Both the novel and the movie explore human greed, denial and vulnerability. One character in the film sees the meteor as a potential opportunity to mine precious metals needed for his cell phone company. The astronomers, who calculate the comet’s destructive path, appear on a TV talk show where they’re viewed as entertainment. The government (personified by a President played by Meryl Streep) only pays attention to the impending doom when it serves their own interests in avoiding the President’s sex scandal.
|Attribution: Bundesarchiv, Bild 101I-464-0383I-26 / Kleiner / CC-BY-SA 3.0|
In the last months of the war, the consequences of earlier Soviet intrusions and atrocities in Nemmersdorf, East Prussia were filmed for propaganda purposes.
|Attribution: Bundesarchiv, |
Bild 183-H13717 / CC-BY-SA 3.0
Mass panic had to be avoided and the truth carefully managed. Fear of the Soviet Army was manipulated into support for the Wehrmacht. While the masses struggled to evacuate along crowded roadways, Gauleiter Erich Koch, had a ship reserved for his escape in the Baltic port of Pillau, to bring him to safety (similar to the spaceship in the movie reserved for the select group of earth survivors).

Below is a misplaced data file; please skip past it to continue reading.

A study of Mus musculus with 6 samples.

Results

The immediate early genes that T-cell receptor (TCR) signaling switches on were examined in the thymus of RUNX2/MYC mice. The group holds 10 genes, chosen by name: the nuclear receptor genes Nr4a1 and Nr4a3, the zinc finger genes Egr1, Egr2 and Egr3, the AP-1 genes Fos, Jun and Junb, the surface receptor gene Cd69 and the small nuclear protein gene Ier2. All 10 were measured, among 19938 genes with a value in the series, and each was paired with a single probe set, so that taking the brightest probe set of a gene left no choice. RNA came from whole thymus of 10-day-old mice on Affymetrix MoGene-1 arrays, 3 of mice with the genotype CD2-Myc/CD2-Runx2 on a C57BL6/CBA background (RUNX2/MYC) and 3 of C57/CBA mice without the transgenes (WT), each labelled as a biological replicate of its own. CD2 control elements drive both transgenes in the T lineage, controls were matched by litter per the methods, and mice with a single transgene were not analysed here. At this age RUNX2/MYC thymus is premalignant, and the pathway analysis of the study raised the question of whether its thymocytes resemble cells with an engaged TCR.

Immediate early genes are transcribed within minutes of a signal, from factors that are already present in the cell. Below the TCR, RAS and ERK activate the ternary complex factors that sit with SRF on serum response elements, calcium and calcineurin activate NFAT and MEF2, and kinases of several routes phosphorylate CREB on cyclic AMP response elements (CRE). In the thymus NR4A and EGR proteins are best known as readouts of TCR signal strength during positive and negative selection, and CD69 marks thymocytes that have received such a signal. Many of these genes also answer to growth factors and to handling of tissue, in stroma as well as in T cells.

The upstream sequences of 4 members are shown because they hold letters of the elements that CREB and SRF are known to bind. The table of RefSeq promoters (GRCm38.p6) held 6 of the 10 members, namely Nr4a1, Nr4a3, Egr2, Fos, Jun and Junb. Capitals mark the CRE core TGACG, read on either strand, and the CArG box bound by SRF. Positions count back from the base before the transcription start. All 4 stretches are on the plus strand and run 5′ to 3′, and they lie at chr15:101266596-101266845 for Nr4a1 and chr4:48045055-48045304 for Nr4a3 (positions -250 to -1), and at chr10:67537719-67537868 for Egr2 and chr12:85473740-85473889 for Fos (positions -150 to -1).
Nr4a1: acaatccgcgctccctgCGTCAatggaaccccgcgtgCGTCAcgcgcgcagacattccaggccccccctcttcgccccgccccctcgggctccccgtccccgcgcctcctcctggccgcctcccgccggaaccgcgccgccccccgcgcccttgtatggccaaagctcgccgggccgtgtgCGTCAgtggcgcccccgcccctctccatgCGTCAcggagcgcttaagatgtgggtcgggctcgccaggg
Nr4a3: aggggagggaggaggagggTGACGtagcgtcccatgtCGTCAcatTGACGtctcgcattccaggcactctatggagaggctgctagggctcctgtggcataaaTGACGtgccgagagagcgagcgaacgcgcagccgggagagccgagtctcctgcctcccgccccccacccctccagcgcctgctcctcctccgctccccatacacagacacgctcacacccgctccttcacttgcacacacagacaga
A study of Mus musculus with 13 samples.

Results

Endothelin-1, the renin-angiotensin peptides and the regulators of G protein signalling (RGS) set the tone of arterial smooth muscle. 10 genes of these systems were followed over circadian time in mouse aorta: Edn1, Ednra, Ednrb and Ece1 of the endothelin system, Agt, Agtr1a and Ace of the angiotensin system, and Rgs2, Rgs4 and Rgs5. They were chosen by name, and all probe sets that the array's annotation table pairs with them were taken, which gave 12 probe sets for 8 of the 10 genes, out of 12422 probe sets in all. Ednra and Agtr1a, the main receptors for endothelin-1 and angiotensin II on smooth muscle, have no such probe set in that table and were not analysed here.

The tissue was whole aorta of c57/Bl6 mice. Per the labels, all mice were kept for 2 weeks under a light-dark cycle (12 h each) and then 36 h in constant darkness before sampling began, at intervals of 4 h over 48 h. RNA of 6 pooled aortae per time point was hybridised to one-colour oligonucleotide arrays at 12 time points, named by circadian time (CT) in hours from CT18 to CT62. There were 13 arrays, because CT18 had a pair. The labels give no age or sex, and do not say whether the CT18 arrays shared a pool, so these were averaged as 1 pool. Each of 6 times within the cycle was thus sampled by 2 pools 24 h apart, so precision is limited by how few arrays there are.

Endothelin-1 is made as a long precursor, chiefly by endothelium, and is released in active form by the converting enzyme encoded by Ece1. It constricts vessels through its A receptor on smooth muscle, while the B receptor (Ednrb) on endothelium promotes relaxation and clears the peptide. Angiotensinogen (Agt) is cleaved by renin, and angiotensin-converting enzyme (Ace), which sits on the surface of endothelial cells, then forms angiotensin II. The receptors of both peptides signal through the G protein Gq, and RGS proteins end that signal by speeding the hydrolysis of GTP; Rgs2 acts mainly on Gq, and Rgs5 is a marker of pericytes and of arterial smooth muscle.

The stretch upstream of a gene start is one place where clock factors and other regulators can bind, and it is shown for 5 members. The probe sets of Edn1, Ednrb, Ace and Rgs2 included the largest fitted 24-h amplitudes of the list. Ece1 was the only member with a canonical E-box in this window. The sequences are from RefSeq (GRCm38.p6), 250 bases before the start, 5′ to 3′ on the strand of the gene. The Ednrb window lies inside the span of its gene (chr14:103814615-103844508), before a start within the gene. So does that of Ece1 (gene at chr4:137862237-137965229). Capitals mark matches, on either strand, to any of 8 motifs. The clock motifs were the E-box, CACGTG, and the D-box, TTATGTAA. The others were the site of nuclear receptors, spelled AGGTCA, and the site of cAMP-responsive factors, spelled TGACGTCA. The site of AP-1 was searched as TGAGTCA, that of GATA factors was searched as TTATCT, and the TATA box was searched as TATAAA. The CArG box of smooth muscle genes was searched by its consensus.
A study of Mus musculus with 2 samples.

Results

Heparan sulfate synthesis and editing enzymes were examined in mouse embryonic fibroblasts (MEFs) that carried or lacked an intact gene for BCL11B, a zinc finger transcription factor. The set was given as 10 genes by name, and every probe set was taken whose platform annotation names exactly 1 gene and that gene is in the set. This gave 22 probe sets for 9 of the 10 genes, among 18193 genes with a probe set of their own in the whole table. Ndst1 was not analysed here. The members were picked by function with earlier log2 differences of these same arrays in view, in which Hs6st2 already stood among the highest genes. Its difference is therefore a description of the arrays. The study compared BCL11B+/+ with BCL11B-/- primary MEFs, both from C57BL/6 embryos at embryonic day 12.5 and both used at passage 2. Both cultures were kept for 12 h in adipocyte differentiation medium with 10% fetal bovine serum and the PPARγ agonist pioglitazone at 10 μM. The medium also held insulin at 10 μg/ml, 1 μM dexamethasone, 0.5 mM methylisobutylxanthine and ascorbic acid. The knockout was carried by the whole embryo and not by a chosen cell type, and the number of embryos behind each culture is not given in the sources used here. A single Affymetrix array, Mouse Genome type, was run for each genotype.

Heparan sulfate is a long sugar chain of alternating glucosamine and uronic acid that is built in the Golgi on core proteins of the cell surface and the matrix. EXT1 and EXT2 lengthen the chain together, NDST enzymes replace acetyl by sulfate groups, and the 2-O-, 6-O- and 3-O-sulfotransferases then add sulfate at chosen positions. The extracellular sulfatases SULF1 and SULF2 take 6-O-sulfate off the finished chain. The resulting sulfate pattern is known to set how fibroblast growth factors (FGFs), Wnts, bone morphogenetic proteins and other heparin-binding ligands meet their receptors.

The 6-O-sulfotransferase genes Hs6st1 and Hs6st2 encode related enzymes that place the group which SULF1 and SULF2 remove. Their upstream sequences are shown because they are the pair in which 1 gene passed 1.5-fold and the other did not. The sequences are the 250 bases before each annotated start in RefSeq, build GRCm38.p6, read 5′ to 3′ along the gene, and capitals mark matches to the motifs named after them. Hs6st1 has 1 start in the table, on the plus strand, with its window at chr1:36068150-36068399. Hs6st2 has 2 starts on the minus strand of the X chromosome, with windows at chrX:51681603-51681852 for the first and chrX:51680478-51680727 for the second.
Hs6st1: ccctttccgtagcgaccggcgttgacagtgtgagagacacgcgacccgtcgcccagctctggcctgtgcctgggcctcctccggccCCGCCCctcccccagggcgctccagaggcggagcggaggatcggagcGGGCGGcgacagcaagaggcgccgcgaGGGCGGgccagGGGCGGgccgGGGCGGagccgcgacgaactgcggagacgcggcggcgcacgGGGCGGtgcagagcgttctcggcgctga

Of course, with our pandemic still raging, we can only squirm with discomfort. Here we are in 2022, dealing with our doom scenario. . . our own comet or attacking army. This enemy is invisible, lurking in the very air we breathe. Does science determine our world or is it all politics? Can we trust governments to look out for us? How does the media affect our choices? How do we support each other in times of crisis? These are real issues that affect our everyday. History in the making.
Movies, novels, and other art forms serve to reflect not just our creativity but also our fragile humanity.